SEOUL, South Korea - South Korea's president, Moon Jae-in, on Friday ordered his government to abolish state-issued history textbooks for middle and high school students, his first move to erase the unpopular legacies of his impeached and ousted predecessor, Park Geun-hye.
Mr. Moon's order was largely symbolic. The three history textbooks prepared by Ms. Park's government have been so unpopular that only one of the country's roughly 5,500 middle and high schools has adopted one of them. But even that school was temporarily barred from using the book after parents filed a lawsuit.
In 2015, Ms. Park, the daughter of the military dictator Park Chung-hee, announced that all middle and high schools would be required to abandon the privately published textbooks they used and adopt the new government-issued books beginning this year. She said the "left-leaning" private textbooks tainted the minds of young children. In what was billed as one of her signature policies, her government worked with a secretly selected panel of scholars to write new textbooks that it said would instill students with a sense of patriotism.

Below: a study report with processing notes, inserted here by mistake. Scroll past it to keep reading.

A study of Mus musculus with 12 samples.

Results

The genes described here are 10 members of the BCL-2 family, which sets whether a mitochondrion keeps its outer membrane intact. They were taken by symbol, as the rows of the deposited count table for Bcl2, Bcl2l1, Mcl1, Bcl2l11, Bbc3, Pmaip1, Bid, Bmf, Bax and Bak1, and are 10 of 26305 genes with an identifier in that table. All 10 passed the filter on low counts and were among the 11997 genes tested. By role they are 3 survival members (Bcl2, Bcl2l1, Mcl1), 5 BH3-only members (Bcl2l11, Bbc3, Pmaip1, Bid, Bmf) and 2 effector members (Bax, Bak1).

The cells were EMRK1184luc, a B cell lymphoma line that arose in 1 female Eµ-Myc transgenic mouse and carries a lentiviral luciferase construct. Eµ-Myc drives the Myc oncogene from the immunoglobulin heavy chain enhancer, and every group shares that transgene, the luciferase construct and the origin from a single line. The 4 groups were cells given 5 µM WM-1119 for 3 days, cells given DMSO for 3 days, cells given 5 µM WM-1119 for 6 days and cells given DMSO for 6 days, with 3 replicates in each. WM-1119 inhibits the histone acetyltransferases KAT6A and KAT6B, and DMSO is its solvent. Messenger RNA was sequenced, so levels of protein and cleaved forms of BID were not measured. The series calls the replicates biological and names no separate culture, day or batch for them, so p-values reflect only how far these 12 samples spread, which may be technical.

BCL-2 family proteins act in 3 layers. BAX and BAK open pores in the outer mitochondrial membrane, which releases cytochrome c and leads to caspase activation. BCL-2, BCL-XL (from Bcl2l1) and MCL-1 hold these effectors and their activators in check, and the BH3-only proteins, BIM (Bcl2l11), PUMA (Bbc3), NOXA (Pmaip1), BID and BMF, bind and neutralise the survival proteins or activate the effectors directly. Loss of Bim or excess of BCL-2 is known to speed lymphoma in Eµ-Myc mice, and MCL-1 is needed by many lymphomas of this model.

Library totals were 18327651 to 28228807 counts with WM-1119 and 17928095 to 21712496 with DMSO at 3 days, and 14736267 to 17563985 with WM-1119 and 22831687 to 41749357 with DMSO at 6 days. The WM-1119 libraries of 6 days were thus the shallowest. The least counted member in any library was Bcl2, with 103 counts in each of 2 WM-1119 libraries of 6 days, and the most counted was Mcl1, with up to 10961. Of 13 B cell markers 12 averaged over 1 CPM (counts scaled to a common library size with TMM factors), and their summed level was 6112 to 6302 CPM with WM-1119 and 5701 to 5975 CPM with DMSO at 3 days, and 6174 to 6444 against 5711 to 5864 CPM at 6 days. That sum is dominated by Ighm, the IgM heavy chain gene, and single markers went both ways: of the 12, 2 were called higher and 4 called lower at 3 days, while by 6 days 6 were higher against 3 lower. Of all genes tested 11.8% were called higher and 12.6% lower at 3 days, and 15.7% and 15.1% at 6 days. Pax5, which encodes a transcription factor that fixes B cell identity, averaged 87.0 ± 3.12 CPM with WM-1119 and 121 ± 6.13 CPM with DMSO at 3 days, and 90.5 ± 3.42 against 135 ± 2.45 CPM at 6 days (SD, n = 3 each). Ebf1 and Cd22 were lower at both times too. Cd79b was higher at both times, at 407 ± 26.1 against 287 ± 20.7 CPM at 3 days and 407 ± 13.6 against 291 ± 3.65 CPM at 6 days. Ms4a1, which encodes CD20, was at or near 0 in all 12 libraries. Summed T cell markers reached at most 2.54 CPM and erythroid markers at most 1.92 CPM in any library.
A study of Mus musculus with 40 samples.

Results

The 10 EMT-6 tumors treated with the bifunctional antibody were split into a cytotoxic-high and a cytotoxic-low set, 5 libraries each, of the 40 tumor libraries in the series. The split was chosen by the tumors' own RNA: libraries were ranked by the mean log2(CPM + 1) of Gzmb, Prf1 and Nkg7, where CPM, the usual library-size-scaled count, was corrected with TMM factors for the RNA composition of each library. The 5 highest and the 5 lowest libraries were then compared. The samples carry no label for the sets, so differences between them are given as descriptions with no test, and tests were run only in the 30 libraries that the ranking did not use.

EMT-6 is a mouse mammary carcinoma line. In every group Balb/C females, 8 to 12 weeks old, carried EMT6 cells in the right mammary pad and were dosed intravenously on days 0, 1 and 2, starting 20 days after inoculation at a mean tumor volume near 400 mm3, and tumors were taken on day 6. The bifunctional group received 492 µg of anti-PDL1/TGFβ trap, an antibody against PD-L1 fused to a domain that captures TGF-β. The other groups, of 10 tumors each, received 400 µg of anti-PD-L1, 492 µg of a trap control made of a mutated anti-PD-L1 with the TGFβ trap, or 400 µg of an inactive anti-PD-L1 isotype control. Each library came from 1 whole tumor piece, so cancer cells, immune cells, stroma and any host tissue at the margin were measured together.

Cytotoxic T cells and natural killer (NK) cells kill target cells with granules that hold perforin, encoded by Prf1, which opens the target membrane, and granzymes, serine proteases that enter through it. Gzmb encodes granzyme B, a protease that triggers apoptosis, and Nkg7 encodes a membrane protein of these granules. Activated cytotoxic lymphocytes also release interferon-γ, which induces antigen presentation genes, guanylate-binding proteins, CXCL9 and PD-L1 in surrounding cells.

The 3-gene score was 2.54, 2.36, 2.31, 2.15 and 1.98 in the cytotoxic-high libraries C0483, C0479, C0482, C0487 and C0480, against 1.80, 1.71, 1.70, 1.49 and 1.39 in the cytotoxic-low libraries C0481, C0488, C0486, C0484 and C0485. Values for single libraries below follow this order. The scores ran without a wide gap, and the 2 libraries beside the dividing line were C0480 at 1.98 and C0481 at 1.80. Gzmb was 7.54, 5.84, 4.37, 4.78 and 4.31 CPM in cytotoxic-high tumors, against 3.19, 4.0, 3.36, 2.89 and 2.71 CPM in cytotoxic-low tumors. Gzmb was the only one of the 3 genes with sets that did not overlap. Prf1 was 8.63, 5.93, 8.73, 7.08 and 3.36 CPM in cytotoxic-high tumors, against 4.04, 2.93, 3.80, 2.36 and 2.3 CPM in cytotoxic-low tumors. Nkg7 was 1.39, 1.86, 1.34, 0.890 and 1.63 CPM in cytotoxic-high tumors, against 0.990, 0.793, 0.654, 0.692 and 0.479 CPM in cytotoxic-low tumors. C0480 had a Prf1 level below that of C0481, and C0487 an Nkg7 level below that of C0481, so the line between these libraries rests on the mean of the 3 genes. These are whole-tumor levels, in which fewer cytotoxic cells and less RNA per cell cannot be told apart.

But her plan faced immediate protests. Critics accused Ms. Park of returning the nation's history education to the days of her father, whose government issued textbooks that sought to justify his dictatorial rule.
When drafts of the state textbooks were unveiled in November, opposition parties and scholars quickly accused them of highlighting the achievements of Ms. Park's father, such as rapid economic growth during his rule, while giving cursory treatment to abuses like the torture and execution of dissidents.
Ms. Park's textbook effort then became untenable after a corruption scandal engulfed her presidency late last year. A special prosecutor who investigated the scandal later accused her government of blacklisting writers, artists and movie directors deemed left-leaning and unfriendly to her government, excluding them from government support programs.